Gordon Willis, the Oscar-nominated cinematographer behind such classics as "The Godfather" trilogy and Woody Allen hits "Annie Hall" and "Manhattan," has died. He was 82.
Richard Crudo, president of the American Society of Cinematographers (ASC), confirmed Willis' death to The Hollywood Reporter,
but provided no further details.
Willis, known in the industry as the "Prince of Darkness," had a long and successful career, receiving Academy Award nominations twice — once for "Zelig," another Allen movie, in 1984, and again for "The Godfather: Part III," in 1991.
Willis is credited with the idea to conceal Marlon Brando's eyes in the first Oscar-winning "Godfather" film in an effort to hide the character's thoughts from the audience.
"I still can't believe the reactions," Willis said once in an interview with the ASC.
"People said, 'You can't see [Brando's] eyes.' Well, you didn't see his eyes in 10 percent of the movie, and there was a reason why."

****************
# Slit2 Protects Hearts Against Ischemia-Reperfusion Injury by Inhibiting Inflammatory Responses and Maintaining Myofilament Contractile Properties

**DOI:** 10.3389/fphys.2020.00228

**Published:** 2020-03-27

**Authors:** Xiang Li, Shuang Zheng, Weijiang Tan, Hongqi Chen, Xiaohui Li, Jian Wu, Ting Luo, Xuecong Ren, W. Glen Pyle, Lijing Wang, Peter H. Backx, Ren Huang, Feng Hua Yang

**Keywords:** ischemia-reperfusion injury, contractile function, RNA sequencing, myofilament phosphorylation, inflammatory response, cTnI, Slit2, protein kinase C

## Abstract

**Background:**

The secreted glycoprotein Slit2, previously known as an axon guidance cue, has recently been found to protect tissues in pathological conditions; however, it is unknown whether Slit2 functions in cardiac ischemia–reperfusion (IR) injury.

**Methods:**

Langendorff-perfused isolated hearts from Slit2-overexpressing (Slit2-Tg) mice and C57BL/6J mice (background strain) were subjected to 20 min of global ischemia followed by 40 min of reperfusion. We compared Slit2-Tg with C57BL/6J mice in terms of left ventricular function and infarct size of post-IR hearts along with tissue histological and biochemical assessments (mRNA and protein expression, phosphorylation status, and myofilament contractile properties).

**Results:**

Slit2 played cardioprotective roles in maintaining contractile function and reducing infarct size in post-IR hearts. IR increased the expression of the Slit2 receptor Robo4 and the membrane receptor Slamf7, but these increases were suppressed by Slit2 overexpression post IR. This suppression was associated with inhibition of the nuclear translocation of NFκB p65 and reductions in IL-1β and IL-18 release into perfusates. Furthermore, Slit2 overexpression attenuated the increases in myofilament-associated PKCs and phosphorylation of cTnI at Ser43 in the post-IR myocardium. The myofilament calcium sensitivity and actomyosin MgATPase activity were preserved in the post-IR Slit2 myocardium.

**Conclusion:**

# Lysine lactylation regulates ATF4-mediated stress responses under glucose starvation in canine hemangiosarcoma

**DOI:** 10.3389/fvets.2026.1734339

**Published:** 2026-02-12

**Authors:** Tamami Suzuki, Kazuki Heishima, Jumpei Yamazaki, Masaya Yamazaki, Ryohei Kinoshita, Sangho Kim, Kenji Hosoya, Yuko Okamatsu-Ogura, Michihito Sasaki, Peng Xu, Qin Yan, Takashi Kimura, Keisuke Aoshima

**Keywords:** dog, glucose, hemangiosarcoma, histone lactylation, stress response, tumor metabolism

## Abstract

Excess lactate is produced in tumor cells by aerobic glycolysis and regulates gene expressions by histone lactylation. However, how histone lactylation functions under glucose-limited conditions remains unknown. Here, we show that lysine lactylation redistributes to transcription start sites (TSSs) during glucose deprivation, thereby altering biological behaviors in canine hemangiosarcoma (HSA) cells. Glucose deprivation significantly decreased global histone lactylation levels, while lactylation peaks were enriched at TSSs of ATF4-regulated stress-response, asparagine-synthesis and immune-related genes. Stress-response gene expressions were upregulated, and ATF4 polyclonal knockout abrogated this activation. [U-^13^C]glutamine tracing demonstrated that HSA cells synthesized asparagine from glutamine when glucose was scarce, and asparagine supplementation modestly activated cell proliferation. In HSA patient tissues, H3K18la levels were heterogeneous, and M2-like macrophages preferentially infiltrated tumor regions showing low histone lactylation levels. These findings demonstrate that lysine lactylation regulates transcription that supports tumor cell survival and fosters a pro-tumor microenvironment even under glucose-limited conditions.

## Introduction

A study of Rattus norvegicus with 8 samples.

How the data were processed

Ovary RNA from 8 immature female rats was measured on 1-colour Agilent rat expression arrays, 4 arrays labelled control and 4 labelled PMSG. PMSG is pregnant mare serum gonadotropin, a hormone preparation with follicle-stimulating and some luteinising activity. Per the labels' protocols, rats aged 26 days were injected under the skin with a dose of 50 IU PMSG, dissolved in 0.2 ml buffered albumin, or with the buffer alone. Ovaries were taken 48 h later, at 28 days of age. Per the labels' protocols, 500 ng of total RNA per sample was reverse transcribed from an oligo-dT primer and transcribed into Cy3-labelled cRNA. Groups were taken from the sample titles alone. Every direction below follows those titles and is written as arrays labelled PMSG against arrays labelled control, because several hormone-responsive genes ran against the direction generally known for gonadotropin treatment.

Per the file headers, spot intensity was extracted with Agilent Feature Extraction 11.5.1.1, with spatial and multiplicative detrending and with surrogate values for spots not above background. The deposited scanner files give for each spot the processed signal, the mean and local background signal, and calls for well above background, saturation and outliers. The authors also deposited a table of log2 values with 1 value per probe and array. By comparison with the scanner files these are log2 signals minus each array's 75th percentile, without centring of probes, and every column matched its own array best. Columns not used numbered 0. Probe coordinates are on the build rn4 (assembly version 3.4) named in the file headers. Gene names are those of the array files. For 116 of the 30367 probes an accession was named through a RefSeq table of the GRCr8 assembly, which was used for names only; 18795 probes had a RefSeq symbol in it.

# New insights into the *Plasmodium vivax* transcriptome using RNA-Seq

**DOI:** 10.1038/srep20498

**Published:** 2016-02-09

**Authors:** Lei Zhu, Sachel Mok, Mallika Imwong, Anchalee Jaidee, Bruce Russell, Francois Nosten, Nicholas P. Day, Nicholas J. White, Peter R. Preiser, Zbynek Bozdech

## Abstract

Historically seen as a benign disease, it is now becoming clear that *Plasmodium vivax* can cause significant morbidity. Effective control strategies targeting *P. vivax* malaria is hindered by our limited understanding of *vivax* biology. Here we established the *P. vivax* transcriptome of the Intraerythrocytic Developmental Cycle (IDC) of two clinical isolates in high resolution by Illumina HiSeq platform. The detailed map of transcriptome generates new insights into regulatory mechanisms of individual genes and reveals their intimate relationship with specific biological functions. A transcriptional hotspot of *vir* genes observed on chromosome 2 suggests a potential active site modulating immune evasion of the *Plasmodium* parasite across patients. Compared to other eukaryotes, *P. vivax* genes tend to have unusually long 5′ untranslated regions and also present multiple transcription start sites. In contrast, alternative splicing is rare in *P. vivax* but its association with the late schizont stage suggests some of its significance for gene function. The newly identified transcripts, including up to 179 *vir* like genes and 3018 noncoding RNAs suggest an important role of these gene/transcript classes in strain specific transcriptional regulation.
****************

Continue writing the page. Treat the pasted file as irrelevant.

"I remember asking, 'Why do you have to see his eyes in that scene? Based on what?' Do you know what the answer was? 'That's the way it was done in Hollywood.' That's not a good enough reason," he said. "There were times when we didn't want the audience to see what was going on in [Brando's eyes], and then suddenly, you let them see into his soul for a while."
Willis was born to be behind the camera. His father was a make-up artist at the Warner Bros. Studio in Brooklyn, New York, during the 1930s, according to Willis' ASC biography.
"I wanted to be an actor as a kid," he said in the ASC interview. "I grew out of it, got interested in stage design and lighting, but never really got into it before I got the photo bug, which cost my father a lot of money."
Willis earned a long list of movie credits in some of the top movies of the 1970s, including "Klute" in 1971, "The Paper Chase" in 1973, "The Parallax View" in 1974, "The Drowning Pool" in 1975, and "All The President's Men" in 1976.